PARIS - Hopping in place in a hallway leading to the court, Rafael Nadal was drenched with sweat before he smacked a ball in his French Open quarterfinal.
A study in perpetual motion, Nadal actually got a bit of a breather Wednesday, when Novak Djokovic of Serbia-Montenegro quit with a back injury after losing the first two sets. That put defending champion Nadal into the semifinals at Roland Garros with what goes into the books as his 58th consecutive victory on clay, extending his record.
"The fact that today's match was, I wouldn't say comfortable, but low-intensity, is going to help Rafael," said Nadal's coach and uncle, Toni. "It's great to compensate for the long matches he's had."
That's hardly good news for Nadal's next opponent, Ivan Ljubicic, who beat Julien Benneteau of France 6-2, 6-2, 6-3 to reach his first semifinal in 27 trips to Grand Slam tournaments.
With No. 2 Nadal facing No. 4 Ljubicic, and No. 1 Roger Federer playing No. 3 David Nalbandian on Friday, it's the first time since 1985 that the men seeded 1-4 at the French Open all made the semifinals.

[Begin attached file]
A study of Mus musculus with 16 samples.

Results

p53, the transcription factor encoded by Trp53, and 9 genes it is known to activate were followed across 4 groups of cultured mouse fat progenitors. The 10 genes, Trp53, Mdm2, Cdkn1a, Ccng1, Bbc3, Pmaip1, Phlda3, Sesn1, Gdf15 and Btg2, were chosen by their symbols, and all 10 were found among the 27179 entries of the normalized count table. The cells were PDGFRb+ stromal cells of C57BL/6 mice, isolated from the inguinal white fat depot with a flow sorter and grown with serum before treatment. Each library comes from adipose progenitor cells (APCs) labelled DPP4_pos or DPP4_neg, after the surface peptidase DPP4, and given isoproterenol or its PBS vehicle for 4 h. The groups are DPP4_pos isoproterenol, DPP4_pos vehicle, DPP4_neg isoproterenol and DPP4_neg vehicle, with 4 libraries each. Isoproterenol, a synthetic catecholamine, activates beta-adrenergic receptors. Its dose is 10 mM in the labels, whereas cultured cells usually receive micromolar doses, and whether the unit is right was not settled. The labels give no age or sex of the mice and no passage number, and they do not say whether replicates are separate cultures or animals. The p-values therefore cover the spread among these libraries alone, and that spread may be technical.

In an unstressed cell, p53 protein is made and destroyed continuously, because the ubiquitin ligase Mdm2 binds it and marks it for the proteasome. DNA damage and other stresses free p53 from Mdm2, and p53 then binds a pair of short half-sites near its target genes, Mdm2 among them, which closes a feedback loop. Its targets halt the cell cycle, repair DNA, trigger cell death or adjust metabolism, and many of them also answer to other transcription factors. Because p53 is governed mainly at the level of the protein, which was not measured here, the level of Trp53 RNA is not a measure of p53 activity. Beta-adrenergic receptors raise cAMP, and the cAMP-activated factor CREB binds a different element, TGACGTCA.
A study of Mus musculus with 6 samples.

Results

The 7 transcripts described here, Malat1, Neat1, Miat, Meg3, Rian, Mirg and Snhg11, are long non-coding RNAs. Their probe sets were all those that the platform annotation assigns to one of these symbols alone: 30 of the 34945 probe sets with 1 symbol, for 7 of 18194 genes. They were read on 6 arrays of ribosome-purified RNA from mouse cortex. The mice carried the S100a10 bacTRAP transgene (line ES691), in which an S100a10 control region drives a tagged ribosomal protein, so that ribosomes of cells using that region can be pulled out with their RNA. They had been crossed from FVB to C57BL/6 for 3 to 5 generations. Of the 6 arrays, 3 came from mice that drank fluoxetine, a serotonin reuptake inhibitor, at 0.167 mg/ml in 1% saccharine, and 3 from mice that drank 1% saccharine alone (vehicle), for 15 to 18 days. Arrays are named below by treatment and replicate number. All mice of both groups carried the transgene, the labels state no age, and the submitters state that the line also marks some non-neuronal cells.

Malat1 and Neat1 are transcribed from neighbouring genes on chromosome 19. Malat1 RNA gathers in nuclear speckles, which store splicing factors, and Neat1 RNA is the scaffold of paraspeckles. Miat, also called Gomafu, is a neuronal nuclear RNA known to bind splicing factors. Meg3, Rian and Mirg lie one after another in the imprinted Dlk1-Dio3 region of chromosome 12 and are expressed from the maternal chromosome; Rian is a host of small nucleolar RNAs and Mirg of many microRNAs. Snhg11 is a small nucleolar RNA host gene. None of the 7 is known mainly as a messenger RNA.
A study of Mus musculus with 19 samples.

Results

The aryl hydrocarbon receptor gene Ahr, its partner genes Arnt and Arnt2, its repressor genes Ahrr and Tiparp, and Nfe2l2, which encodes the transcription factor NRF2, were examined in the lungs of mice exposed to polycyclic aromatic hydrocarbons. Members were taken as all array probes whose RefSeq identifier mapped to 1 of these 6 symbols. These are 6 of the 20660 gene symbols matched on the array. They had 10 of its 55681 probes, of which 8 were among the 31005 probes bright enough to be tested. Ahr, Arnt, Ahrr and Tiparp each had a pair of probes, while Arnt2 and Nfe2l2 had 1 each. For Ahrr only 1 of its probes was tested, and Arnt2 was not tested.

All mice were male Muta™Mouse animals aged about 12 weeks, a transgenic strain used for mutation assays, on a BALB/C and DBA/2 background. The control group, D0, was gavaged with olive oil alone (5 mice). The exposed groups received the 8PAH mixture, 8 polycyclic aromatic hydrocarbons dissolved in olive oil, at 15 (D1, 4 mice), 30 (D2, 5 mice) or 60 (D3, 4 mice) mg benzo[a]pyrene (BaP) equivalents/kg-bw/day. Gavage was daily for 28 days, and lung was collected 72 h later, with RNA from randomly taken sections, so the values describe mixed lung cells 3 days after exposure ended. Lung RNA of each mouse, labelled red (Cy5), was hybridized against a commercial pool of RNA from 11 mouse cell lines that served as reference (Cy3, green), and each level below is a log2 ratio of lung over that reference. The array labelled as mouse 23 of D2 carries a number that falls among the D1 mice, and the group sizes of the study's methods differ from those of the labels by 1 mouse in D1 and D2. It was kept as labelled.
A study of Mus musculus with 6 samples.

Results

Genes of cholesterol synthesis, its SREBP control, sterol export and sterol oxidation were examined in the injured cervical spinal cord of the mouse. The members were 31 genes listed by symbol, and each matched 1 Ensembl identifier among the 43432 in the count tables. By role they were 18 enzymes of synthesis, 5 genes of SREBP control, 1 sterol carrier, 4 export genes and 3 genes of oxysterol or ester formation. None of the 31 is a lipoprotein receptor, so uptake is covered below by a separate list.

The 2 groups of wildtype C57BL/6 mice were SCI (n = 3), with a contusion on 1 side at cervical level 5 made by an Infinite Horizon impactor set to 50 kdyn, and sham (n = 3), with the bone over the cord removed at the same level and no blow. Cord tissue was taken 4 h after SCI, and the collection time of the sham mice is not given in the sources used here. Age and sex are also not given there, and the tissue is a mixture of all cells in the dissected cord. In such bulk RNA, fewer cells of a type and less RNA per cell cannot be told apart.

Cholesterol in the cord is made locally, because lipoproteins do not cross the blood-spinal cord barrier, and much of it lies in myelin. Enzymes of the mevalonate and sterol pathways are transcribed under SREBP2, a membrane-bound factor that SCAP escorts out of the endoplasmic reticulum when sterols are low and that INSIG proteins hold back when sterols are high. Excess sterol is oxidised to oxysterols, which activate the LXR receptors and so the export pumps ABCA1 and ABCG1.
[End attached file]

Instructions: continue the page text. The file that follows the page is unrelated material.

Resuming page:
"I don't think there's any doubt that (Nadal) is a big favorite. Of the four of us left, he is definitely the favored one," said Ljubicic, who hasn't faced a seeded player in the tournament. "Just by reaching the semifinals, I did something incredible. There's absolutely going to be zero pressure for me."
The French Open is generally regarded as the most grueling tournament on tour, and this year's edition apparently was as tough as any.
Djokovic's retirement was the eighth of 2006, the most among men at Roland Garros in the modern era.
Like the other majors, it requires players to string together seven victories over two weeks to earn the title. Unlike the others, it's played on clay, which tends to extend points and matches, making stamina and will as important as superb strokes.
As well-stocked as the 20-year-old Nadal is with all three of those components, even he was grateful to get off the court after fewer than two hours Wednesday: He logged more than eight hours over his previous two matches.
"For those of us more used to playing on clay, maybe we resist a little more, but sometimes we have a tough time, too. We feel the pain, too," he said.
Djokovic also retired at last year's French Open, in the second round.